This answer is just the half of it. Our memories are built more on experiences that 'surprised' us or gave us an 'epiphany'. Being forced to take time and analyze things (and sometimes 'fix' them leaves a more lasting impression than cruising thru and getting everything right.
Pyschologically, you remember negative things better than positive things. I think it's just human condition. You didn't like how you felt when you made a mistake, even if it wasn't your fault. However, what matters is you'll try not to make it again, and the app wants to assure this. :)
My experience with Duolingo is that over time, the lessons are improved, words added or corrected.
Remarkable to me because much is done by volunteers who want their favorite language up, not just paid employees. The improvements vary because there are not the same people doing each language. And each language has its own quirks.
Or like "tennis shoes", "sneakers", and "running shoes". Big one ive seen was what people call, "coke", "pop", and "soda". People typically know what you mean when you say these words,but might correct you, or even poke fun at you in some parts. Usually though they just assume you're from a different state and move on.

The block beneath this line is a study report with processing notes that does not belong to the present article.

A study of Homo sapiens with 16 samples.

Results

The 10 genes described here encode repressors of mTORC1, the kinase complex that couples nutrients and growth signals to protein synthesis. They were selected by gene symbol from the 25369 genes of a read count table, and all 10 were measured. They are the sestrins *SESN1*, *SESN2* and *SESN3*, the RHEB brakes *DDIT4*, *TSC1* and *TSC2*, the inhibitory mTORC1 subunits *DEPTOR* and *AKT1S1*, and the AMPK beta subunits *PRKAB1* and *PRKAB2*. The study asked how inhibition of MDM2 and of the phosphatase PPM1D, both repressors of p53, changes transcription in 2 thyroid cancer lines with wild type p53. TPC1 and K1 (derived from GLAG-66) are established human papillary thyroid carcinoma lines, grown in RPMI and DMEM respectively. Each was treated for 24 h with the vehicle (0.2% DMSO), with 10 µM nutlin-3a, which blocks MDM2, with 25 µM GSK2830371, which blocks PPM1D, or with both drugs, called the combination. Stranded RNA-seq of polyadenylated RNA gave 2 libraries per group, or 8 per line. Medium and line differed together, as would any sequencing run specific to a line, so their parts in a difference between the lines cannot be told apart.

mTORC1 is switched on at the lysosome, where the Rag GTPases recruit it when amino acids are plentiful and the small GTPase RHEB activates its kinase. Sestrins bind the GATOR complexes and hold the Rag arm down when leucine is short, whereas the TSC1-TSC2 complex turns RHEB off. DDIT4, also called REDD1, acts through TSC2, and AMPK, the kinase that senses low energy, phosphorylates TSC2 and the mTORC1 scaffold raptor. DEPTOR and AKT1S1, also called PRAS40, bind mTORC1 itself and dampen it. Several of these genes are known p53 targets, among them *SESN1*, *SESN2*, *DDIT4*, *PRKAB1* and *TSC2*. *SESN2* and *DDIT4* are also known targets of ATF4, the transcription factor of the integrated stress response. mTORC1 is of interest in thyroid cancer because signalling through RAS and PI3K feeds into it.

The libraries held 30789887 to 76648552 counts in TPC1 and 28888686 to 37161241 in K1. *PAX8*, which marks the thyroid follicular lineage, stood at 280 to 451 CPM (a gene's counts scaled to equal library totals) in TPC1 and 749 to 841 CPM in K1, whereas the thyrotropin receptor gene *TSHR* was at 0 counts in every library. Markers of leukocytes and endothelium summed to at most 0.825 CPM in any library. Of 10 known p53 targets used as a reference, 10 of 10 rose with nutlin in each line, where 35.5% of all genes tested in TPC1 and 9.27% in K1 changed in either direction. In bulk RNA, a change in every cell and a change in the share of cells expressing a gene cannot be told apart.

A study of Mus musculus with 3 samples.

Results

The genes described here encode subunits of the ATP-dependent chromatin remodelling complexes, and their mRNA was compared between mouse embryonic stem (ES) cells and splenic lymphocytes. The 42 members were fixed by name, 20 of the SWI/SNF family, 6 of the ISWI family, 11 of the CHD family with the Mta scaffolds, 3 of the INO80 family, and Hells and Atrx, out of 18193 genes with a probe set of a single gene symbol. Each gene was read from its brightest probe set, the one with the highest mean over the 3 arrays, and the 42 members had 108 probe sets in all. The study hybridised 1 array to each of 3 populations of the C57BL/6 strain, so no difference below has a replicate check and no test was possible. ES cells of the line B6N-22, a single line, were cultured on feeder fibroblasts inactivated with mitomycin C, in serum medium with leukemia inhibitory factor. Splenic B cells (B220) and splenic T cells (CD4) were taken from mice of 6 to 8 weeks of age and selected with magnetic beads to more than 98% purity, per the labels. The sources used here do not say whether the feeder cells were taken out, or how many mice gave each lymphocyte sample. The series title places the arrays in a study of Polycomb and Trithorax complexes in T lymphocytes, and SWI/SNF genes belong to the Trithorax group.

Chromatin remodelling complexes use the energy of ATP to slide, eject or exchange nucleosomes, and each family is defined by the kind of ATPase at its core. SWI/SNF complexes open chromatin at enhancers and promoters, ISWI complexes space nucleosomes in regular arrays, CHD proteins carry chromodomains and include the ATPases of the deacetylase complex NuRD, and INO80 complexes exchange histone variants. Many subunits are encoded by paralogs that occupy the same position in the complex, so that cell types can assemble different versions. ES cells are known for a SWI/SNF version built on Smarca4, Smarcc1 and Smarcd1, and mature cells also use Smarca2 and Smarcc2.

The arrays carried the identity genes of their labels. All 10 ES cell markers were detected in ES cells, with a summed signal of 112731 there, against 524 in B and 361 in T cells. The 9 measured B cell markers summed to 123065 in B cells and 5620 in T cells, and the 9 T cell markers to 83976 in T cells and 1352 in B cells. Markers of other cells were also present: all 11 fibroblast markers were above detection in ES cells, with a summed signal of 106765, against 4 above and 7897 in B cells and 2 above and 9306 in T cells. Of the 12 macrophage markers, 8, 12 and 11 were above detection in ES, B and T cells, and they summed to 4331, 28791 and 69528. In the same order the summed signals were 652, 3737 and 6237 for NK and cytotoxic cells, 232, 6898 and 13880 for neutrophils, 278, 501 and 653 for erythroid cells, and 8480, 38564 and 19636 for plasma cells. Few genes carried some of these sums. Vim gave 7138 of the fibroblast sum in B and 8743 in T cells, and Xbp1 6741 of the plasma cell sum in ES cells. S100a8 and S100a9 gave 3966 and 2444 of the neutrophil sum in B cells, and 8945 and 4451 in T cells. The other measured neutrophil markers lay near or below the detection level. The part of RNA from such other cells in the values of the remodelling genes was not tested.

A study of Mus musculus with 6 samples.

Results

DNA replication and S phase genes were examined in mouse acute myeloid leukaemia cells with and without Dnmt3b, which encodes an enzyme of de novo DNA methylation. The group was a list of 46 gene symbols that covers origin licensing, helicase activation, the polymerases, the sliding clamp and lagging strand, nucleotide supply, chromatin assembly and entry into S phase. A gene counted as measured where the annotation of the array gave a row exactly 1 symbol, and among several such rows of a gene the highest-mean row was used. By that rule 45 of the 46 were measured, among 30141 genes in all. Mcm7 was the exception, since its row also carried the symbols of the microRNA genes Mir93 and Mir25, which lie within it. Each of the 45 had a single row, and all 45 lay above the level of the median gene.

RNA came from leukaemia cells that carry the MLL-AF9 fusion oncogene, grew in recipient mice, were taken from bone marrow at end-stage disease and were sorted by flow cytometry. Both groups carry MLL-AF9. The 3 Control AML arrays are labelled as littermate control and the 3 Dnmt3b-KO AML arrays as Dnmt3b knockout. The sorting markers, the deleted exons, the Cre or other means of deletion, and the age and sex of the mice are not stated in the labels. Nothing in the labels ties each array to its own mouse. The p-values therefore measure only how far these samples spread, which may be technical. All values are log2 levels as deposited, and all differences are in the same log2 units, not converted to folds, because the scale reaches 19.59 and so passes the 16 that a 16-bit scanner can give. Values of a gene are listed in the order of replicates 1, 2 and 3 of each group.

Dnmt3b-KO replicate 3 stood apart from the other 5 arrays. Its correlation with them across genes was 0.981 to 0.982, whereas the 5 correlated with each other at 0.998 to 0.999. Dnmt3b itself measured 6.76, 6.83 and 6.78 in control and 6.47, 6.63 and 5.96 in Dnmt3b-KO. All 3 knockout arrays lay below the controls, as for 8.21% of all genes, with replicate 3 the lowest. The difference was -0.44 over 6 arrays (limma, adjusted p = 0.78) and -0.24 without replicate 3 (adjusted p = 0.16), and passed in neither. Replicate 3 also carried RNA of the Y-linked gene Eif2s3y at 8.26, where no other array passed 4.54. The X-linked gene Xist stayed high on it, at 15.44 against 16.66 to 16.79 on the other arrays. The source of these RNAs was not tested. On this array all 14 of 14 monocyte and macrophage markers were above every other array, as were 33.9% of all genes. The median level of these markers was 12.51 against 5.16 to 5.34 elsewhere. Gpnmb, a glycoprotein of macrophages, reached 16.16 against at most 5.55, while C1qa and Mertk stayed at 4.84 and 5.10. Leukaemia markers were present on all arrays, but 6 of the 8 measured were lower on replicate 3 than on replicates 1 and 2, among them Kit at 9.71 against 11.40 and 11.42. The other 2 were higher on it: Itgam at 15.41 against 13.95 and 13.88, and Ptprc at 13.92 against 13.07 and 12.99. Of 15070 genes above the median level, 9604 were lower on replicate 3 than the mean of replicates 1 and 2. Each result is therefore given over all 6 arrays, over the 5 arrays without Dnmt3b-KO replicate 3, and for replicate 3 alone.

Kiru is pronounced for either "to cut" or "to wear" They have the same pronunciation in the standard dialect. It just the meaning when used in proper context. If someone said "鋏で紙を切る" I cut the paper with scissors, then you know they talking about "cutting." or 背広を着る I wear a business suit for "wear"
I am wondering why duolingo only teaches us random numbers like "three" and "four" so far, but not the rest of the numbers in sequence like in english and spanish languages generally the first things you learn are your abc's and 1,2,3's.. Wouldnt sequence be easier starting out?
I remember it by here's the key (ki) to your room (ru). (Bc in a room is clothes)
I don't get what this helps me accomplish. "Write this in Japanese" but how am I supposed to know how? Figure it out? The only reason I get this right is because it gives you the answer. (I know it's cheating but how am I supposed to get it right) For anyone who is further down the line than me, does this site help? I'm barely learning.
Kiru means to wear cloth above your waist, and haku means to wear below it. Kaburu for things like hat and kakeru for glasses.
So: Haku - below your waist; Kiro - up your waist; Kaburu - to wear something on the head (hat); Kakeru - to wear something in the eyes (glasses);
If this is in comparison to sounds in American or British English, then the answer is "neither". 'R's in Japanese are actually something in between an English 'D', 'L', and 'R', a "lilted 'R'" or what linguists call a "flap" or "tap". You should likely still be understood if you use the English "R" when speaking, though I'm pretty sure native speakers will notice your accent.